U.S. stocks rose for the first time in six days, with beaten-down technology shares leading the rebound on speculation trade tensions will ease. The pound plunged as Brexit again threw the U.K. government into turmoil. The dollar was little changed, while oil and Treasuries jumped.

Trade-sensitive industrial shares led the S&P 500 Index higher in afternoon trading amid hope that China and the U.S. would de-escalate their trade spat before the G20 summit later this month, even as the threat of new tariffs looms. Technology, materials and energy stocks also reacted positively to the news, offsetting a decline in consumer stocks brought on by disappointing results from department stores.

For all the worries assailing investors -- Brexit, the trade dispute and Italian budget stress -- they are at least receiving a steady message from the U.S. central bank. In a question-and-answer session late Wednesday, Federal Reserve Chairman Jerome Powell played down recent turbulence in equities, saying volatility was only one of many factors that board members take into account when setting policy.

“Maybe if we can get progress in trade relations, that could be a boost,” Jason Browne, chief investment strategist at FundX Investment Group, said in an interview. “But the benefits are likely to get offset from expectations of continued hikes from the Fed. That’s part of the challenge right now.”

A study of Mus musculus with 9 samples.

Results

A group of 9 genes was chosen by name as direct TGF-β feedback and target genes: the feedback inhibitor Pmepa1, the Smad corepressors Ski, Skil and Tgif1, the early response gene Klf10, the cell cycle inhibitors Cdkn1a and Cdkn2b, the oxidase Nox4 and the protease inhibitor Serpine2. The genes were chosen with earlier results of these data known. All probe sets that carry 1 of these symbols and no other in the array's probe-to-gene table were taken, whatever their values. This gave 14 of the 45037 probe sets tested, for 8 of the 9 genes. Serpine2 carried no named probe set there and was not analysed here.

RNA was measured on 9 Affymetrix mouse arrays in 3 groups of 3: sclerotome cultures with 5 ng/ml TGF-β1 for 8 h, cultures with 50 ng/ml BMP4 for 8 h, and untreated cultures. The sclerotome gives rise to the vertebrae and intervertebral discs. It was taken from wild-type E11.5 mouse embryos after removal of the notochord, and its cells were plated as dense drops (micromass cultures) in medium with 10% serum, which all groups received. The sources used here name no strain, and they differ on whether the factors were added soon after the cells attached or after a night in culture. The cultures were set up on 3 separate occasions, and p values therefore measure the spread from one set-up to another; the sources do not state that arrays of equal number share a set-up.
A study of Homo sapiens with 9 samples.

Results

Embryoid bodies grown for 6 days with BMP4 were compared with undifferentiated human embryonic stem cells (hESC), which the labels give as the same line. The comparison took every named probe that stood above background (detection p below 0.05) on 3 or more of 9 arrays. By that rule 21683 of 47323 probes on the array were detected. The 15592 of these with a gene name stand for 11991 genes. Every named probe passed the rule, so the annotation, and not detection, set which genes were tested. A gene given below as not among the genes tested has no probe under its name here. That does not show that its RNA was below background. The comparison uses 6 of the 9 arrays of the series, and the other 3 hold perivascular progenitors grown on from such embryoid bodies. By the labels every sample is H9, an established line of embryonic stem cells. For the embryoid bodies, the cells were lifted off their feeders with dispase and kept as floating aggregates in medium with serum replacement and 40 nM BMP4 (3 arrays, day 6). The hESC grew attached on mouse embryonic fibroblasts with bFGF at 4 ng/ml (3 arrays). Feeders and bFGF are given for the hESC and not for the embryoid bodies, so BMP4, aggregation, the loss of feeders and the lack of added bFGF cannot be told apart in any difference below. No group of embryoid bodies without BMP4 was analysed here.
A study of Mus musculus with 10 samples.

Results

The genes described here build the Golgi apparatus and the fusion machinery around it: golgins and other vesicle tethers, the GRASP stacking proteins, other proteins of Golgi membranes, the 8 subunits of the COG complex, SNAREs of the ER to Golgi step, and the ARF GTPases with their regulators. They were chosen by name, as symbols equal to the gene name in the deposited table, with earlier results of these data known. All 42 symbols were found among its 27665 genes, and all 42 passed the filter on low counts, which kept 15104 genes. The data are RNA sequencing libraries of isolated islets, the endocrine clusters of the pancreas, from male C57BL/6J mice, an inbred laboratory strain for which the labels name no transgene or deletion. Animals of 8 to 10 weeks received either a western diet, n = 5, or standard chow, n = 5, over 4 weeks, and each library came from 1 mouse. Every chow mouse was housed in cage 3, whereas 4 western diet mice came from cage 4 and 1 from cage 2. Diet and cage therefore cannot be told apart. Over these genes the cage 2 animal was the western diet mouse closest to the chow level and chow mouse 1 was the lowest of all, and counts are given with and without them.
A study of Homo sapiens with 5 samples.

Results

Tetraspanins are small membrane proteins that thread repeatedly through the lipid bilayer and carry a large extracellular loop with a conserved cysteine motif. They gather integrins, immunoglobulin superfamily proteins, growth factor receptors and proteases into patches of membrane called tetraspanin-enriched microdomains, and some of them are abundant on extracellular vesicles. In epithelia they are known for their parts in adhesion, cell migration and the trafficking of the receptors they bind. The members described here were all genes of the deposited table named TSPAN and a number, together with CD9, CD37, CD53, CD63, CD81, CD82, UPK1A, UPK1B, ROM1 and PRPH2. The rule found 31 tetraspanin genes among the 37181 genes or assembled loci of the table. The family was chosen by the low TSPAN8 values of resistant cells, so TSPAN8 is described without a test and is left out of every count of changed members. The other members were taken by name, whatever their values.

Sterling tumbled after Brexit Secretary Dominic Raab announced his resignation, the highest-profile of several departures on Thursday. Brexit-backer Jacob Rees-Mogg later joined calls for a vote of no confidence in Prime Minster Theresa May. The events throw into doubt her ability to secure Parliament’s support for the exit plan -- and even to survive as leader. As the Westminster resignations rolled in, gilts surged, but at a press conference late Thursday, the premier reiterated her commitment to the exit deal. FTSE 100 Index futures surged.

Elsewhere, emerging-market shares rallied and their currencies strengthened. In Asia, Japanese stocks edged lower, while Hong Kong shares jumped after Tencent Holdings Ltd. earnings beat expectations. Chinese equities outperformed as reports indicated officials have outlined a series of potential concessions to the Trump administration. The Australian dollar climbed after a strong local jobs report.



The S&P 500 Index gained 1.1 per cent as of 4:01 p.m. New York time; the Nasdaq Composite Index added 1.7 per cent. The Stoxx Europe 600 Index declined 1.1 per cent to the lowest in more than two weeks. The U.K.’s FTSE 100 Index rose 0.1 per cent in heavy volume. The MSCI Emerging Market Index gained 1.5 per cent to the highest in a week.


The Bloomberg Dollar Spot Index rose less than 0.05 per cent. The euro gained 0.2 per cent to US$1.1335. The British pound decreased 1.6 per cent to US$1.2783, the weakest in more than two weeks. The Japanese yen rose 0.1 per cent to 113.56 per U.S. dollar.


The yield on 10-year Treasuries fell one basis point to 3.11 per cent, the lowest in more than two weeks. Germany’s 10-year yield decreased four basis points to 0.36 per cent. Britain’s 10-year yield decreased 13 basis points to 1.373 per cent, the lowest in more than 11 weeks.


West Texas Intermediate crude climbed 0.4 per cent to US$56.44 a barrel. Gold gained 0.2 per cent to US$1,213.67 an ounce. LME copper gained 1.5 per cent to US$6,184 a metric ton.